Strategy and Change: A Narrative For The Age of Multipolarity

6 October 2010

Something is very wrong with the world. We are living in a time where governments are palpably failing to govern, the world economy is suffering from the worst recession since World War II, business is demonstrably unable to create wealth but instead ravenously consumes it, and warriors are fighting conflicts without end and seemingly without point. It is not too much to say that there is ample practical evidence that confirm the existence of a fundamental crisis of (democratic) legitimacy for current governments and major business and intellectual elites, especially in the West.

This crisis is occurring against the backdrop of accelerating, profound and irreversible shifts in the global balance of power and economics, surging demands for scarce resources, and revolutionary developments in the fields of science and technology, which combine to drastically and rapidly undermine the stability of the old geopolitical and economic world order; but as of yet there is no clear understanding of how these forces interact, let alone a coherent vision that illuminates the road ahead and enables us to leapfrog our way out of this systemic crisis.
 
We are indeed watching a rapidly changing geopolitical landscape unfolding before our eyes, marking the end of the Pax Americana, but as of yet without the contours of a potential Pax Pacifica in sight. There will be no return to business-as-usual, something that is taken for granted by the newcomers, but is largely ignored by the old garde. It is therefore fair to say that at the beginning of the third Millennium, humanity finds itself at an epochal tipping point. It is our unapologetically ambitious effort to connect the seemingly unrelated dots that define the new world we live in, with the root problem lying underneath; the fundamental failure to conceive what the new multipolar era will actually look like, and then devise policies that allow us to survive and thrive in this uncharted territory.

The Strategy & Change Programme, will attempt to point out what the contours of our new multipolar map actually looks like at this vital level, the crucial first step to devising policies that proactively get ahead of the intellectual curve in this strange new world. Five fundamental pillars characterise our approach, which we present here as general recommendations, specifically to those public policymakers and business executives that find themselves at the steering wheel amidst these times of change:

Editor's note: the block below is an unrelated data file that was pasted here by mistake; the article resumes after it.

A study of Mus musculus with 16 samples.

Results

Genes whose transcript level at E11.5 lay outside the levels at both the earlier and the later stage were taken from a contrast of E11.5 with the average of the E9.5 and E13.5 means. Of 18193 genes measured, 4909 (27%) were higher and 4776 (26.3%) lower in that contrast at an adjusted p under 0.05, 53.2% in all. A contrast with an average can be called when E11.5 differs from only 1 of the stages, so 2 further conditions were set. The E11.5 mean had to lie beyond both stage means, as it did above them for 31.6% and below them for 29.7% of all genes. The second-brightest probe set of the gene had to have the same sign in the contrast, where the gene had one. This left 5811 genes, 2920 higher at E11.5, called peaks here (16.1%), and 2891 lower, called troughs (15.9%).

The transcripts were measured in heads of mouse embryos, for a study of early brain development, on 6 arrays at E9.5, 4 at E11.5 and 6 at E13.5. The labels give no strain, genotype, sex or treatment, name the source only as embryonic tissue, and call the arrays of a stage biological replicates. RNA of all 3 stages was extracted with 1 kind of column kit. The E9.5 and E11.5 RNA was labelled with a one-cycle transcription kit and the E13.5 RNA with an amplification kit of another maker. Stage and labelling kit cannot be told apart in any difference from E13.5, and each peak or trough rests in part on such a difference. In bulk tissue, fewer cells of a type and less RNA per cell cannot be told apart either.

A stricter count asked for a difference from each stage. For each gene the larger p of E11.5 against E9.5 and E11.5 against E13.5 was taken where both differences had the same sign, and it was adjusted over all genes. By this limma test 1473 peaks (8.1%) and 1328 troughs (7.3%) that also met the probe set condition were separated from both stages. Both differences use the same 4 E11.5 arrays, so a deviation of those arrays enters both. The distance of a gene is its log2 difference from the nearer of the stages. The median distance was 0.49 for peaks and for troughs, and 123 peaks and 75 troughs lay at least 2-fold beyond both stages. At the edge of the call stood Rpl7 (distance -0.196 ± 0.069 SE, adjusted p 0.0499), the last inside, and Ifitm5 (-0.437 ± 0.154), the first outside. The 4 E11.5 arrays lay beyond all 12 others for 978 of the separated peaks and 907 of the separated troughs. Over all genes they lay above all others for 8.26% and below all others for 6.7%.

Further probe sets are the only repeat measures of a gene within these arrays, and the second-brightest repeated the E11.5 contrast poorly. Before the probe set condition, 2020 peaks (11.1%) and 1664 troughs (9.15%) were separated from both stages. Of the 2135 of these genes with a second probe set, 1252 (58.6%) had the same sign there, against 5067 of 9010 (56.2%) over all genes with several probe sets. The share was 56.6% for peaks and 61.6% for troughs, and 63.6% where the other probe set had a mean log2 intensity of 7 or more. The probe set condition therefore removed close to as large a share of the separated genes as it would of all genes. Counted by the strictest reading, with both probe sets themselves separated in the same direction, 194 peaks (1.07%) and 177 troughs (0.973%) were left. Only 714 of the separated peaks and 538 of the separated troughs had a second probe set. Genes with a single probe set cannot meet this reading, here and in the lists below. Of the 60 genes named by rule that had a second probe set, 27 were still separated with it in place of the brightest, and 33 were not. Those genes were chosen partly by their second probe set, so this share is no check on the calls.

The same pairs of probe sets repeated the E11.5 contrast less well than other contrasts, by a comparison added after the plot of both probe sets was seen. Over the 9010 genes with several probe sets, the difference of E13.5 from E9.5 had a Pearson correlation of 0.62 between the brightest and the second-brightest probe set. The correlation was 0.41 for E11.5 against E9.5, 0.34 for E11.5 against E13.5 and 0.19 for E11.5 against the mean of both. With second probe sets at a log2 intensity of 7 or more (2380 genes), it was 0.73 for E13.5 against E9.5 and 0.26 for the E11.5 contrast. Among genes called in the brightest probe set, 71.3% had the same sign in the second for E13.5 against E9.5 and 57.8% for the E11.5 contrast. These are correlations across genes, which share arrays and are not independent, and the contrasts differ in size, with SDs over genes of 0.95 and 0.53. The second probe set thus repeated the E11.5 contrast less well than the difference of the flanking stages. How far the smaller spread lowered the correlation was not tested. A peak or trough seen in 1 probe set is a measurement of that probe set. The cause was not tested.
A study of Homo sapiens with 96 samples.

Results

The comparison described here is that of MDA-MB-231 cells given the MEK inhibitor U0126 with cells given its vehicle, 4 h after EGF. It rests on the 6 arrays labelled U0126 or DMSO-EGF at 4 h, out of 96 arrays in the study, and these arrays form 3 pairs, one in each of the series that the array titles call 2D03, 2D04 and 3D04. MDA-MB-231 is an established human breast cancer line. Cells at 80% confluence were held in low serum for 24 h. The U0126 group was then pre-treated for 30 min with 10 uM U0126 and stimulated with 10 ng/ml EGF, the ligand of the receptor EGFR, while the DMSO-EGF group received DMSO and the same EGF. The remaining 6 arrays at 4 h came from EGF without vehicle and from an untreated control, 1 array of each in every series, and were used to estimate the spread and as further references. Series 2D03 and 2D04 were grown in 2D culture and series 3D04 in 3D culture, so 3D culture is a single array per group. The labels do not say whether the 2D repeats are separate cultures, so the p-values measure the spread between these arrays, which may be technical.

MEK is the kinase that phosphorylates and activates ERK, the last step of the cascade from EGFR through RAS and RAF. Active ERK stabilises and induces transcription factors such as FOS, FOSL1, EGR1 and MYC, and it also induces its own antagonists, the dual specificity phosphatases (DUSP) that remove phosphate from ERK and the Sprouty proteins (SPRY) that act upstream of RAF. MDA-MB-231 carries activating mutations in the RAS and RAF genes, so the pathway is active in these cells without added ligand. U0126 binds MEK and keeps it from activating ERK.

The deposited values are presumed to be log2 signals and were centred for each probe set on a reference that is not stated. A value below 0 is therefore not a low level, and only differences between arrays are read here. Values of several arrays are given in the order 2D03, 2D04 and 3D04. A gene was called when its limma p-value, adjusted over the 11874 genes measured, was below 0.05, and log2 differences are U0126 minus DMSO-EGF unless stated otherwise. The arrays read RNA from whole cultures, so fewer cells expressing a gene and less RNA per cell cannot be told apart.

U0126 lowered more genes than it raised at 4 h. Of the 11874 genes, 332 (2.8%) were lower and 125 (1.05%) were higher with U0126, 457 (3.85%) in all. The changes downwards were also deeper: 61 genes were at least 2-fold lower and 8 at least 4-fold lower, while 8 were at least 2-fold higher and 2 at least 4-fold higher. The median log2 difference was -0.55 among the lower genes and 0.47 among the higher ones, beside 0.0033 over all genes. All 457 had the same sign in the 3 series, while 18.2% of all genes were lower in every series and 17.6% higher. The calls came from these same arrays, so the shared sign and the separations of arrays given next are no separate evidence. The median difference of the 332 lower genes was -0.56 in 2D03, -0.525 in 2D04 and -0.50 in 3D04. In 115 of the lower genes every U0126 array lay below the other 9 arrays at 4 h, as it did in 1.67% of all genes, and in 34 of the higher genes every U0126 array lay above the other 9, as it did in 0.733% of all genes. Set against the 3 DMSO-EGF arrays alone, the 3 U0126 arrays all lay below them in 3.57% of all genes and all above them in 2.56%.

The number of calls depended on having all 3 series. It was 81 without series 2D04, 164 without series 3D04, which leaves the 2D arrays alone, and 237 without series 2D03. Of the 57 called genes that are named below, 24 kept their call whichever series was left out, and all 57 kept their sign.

• We need to first and foremost connect the dots and regain the big picture before even discussing possible policy options.
• We should make a habit of avoiding intellectual stovepiping, and instead try to make a priority of talking to different stakeholders.
• We must move beyond the general herd mentality that has characterized the last. This means that we must talk bravely and forthrightly about possible disasters to come as well as seeing that creative opportunities that exist, matching the peril.
• We must prepare for the era of and broaden our views of potential alliance partners to incorporate the world beyond the Transatlantic relationship.
• We must again learn to calmly talk about the unthinkable, or it will be visited upon us time and again.

Experts on this report

Strategic Analyst

Marjolein de Ridder

Marjolein de Ridder is a strategic analyst at HCSS. She holds a degree in Political Science from the University of Leuven and a Master’s degree in International Relations and Diplomacy from Leiden University and the Clingendael Institute.

Strategic Analyst

Tim Sweijs

Tim Sweijs is a Senior Strategist. He is the initiator, creator and author of numerous studies, methodologies, and tools for research projects in horizon scanning, conflict analysis, international and national security risk assessment, and capability development.